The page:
Private funding for climate technology companies in Southeast Asia reached $1.11 billion in the first 11 months of this year, marking a significant uptick in momentum for such businesses, DealStreetAsia’s latest report finds.
This is the first time that climate tech startups – defined as those focused on reducing greenhouse gas emissions or addressing the impact of climate change – have raised more than a billion dollars in a year, according to The State of Climate Tech in SE Asia 2022. In comparison, the total funding raised by climate tech startups in the whole of 2021 stood at $607 million.
Looking back at data since January 2012, homegrown companies tackling climate change have raised no less than $2.82 billion, comprising $2.6 billion in equity funding and at least $222 million in debt financing, the report shows.
The contribution of climate tech investments to overall private capital funding in the region is also improving. In terms of equity funding, climate tech accounted for 7.8% of overall venture funding in the region this year, significantly higher than 2.6% in 2021.
The distribution of funding in the region, however, is a major cause of concern as Singapore-based climate tech startups received 80.4% of all funding since 2012, whereas most countries in the region got less than 1%.
As a far more developed climate tech category in terms of its underlying technologies and business models, renewable energy received the most capital since 2012, with total funding trending above $200 million annually since 2019.
Overall, renewable energy has accounted for 41.5% of all climate tech funding since 2012, the largest among the 11 categories covered in the report.
“Renewable sources of energy such as solar and wind have reached a levelized cost of energy that is lower than traditional fossil fuels – without the need for government subsidies,” said ABC Impact chief investment officer Than Shao Ming.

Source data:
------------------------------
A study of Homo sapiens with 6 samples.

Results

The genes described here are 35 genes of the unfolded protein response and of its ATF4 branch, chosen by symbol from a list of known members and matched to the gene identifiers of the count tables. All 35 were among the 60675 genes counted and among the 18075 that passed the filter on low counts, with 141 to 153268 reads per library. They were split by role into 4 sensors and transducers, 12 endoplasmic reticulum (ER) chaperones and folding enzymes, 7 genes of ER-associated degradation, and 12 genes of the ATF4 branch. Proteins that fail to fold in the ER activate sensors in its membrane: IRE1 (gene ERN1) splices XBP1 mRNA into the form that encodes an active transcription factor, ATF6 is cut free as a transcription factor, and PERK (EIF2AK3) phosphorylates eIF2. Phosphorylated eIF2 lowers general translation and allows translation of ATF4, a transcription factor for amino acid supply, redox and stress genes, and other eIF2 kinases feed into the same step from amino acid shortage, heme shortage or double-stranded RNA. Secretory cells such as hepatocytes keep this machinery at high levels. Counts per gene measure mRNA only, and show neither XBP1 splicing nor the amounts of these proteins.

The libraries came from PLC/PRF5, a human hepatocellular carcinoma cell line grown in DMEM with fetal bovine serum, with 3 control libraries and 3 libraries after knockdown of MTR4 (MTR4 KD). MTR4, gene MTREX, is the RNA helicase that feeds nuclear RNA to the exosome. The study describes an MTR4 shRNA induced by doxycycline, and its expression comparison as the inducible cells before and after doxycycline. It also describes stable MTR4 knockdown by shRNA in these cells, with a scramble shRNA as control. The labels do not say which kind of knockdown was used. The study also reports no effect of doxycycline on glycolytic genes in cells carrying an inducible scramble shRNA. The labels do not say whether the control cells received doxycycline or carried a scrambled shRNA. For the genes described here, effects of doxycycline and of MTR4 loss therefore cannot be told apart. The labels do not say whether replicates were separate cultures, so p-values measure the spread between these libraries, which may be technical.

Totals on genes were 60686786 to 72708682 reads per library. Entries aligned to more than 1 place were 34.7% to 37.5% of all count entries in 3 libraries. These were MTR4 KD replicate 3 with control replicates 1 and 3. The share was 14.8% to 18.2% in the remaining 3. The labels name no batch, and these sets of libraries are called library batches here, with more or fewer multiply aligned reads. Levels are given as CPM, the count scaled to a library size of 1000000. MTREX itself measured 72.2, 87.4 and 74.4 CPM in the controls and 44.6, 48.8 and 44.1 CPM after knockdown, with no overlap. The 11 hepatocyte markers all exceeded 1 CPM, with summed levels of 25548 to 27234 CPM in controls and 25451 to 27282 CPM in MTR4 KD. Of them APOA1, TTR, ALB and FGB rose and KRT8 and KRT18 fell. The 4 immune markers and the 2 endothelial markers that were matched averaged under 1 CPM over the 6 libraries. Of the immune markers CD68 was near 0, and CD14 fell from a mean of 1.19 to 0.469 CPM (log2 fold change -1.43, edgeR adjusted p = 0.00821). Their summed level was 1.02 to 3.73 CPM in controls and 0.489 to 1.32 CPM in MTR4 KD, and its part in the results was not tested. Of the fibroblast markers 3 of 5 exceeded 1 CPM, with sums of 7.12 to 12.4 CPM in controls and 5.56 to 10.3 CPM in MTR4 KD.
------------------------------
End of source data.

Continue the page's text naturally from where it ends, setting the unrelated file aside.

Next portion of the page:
John Colombo, the Indonesia manager for Clime Capital, said he anticipates growing emphasis on projects that address the needs of electricity grids and industrial customers by providing renewable solutions coupled with storage to facilitate a reliable supply of power.
The agriculture sector, which is responsible for 21% of greenhouse gas emissions according to a study by Rhodium Group, is also being impacted by sustainable farming technologies and food tech startups developing alternatives to meat consumption.
“Increasingly, investors understand that they can meet climate goals by seeking out opportunities in complementary industries,” said Circulate Capital investment partner Caroline Wee, while adding that the financial sector is becoming more focused on the climate impacts of plastics and waste. Thanks to investments in deep technologies, advanced materials and high-tech industrial products with decarbonization knock-on effects are contributing to the global effort to decarbonise. RWDC, the developer of Solon, an environmentally friendly alternative to petroleum-based materials for single-use plastics, is the second most funded climate tech company on our list.
Other companies in the advanced material space include producers of nanofiltration systems SEPPURE and SOLV8 Technology, graphene producer Graphene Life and Fortuna Cools, which makes sustainably sourced insulation products.
Many deep tech solutions have the potential to fast-track decarbonisation and contribute to the fight against climate change. In fact, three of the most active investors in the climate tech space are deep tech-focused fund managers. They are Singapore-based SEEDS Capital, global venture firm SOSV and UK-headquartered Entrepreneur First.
These deep-tech investors have the unique ability to cross-pollinate resources between relevant scientific fields, laboratories and world-class universities, allowing for new technological innovations to reach the market faster and helping startups avoid long gestation periods.
Although EF has decided to shut down its Singapore operations next year, it is leaving the city-state’s deep tech landscape in a far better position than when it first set up shop in 2016. Our recent joint study with Enterprise Singapore finds that investments in Singapore’s deep tech space in the first nine months of this year grew 90.9% year-on-year to $1.64 billion. This follows a 165.7% growth in the same period of 2021.